What The Gaffer Said
Martin O'Neill certainly didn't seem overly despondent. He told SAFC TV:
It was a fantastic game of football.
The early chances at either end set the pattern for the rest of the game.
I think Simon Mignolet made some good saves for us and their goalkeeper was a tower for them in the second half.
Arsenal are a fine side and they caused us a few problems - we tried to deal with them as best we could.
It was a fantastic effort by the team in the second half. We couldn't get the ball over the line, but it wasn't for a lack of trying.
Obviously as we were pressing they had an opportunity or two to put the game beyond us - in that aspect we had a bit of luck, but at the other end we had none.
Sometimes you just know a manager is trying to put a positive spin on a disappointing result, but I don't think that is what this is from O'Neill.
I'd say he has every right to be genuinely happy with the effort and some of the football played by his side in this one. When you go up against the top teams all you can really ask is that if they are going to beat you, then you make them work very hard for it, and that is exactly what happened here.
‘Awful First Half'?
I keep seeing ‘awful', ‘embarrassing', ‘disgraceful' and various other needlessly dramatic verbs used to describe Sunderland's first half performance but I am not sure any are really necessary.
Yes, after an open first 20 minutes, Arsenal got on top and asserted themselves by keeping the ball and ensuring the play was crammed predominantly into the Sunderland half until the break.
But Arsenal are a top side packed with quality players who are seasoned Champions League schemers. Of course they are going to come here and have a spell of dominance. It's nothing to get in a flap over.
Frankly, if you were genuinely appalled by Sunderland being powerless to stop Arsenal from having a strong passage of play in which they were in the ascendancy and creating chances, it may be time to have a bit of a rethink regarding realistic expectations.
Johnson And Sessegnon Are Not Traditional Wingers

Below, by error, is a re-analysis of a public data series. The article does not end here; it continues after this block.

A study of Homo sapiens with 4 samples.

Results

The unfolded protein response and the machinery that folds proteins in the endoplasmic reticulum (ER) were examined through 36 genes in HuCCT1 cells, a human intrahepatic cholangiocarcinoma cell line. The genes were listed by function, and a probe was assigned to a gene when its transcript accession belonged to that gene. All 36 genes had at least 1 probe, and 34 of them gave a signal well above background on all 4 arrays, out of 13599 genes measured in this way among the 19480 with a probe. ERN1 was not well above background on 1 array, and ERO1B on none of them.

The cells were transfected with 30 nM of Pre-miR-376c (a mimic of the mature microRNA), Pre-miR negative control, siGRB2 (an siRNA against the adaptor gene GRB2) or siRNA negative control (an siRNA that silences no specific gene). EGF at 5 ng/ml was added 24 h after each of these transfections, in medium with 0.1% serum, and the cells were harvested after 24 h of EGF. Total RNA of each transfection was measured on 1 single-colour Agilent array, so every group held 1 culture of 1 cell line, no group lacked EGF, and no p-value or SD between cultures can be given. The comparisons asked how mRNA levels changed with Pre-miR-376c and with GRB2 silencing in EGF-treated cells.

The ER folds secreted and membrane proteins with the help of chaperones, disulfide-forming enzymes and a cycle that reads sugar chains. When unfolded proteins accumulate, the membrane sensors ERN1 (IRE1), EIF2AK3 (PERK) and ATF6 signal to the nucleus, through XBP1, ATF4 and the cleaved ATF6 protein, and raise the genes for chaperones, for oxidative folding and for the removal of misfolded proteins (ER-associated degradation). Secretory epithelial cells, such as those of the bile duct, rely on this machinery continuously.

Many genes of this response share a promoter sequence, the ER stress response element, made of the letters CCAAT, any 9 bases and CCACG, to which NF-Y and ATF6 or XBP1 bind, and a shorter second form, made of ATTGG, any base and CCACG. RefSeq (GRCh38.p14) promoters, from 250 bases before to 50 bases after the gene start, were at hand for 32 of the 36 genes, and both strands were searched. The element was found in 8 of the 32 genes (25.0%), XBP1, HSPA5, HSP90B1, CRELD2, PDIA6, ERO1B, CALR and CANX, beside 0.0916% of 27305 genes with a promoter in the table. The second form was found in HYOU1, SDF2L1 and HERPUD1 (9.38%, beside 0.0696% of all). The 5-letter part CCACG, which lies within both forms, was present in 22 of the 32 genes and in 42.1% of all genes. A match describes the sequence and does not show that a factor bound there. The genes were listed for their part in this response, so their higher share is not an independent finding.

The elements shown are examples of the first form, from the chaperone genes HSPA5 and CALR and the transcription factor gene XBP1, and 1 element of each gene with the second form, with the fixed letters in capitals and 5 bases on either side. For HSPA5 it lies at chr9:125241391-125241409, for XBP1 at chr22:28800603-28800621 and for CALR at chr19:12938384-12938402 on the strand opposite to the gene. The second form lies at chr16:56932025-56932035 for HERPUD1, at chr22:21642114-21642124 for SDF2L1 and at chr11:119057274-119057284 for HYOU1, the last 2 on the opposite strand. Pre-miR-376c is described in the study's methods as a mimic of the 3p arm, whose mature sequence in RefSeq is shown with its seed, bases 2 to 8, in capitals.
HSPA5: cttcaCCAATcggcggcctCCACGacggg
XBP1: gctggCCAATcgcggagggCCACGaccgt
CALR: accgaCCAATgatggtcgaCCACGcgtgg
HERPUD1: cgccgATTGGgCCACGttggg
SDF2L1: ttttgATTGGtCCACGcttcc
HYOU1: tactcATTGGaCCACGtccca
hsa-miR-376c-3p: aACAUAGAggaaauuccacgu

If this game proved anything, then it is that, although both play on the wing, neither Adam Johnson nor Stephane Sessegnon are traditional wide-men and we should probably adjust our perception of them accordingly.
With all the will in the world, neither of them are going to be happy going round the outside and whipping crosses around defenders. They both want to be heading towards the penalty area and keeping full backs guessing.
Against Arsenal the difference in both players when they swapped flanks was remarkable. Sessegnon forged what looked like a hugely promising partnership with Danny Rose and Johnson looked far more likely to create too than when he was shackled to the left touchline being quietly ushered down blind alleys.
Hopefully this is something that will continue, as getting the best out of them both is surely the key to us all having a lot more fun at the Stadium of Light.
Injuries Just Keep On Happening
One of the biggest criticisms of Steve Bruce was that he would often bring back a player from injury too early only to see the injury aggravated once again during the game.
The manager has changed, but the problem certainly hasn't gone with him.
Both Danny Rose and Lee Cattermole made a return to the side this weekend and, qu'elle surprise, both left the game early due to what looked like a re-occurrence of the original injury.
Perhaps it is time to start looking a bit deeper and examining the quality of the advice managers are receiving from the medical staff at the club as this seems to be a problem with which only Sunderland consistently struggle.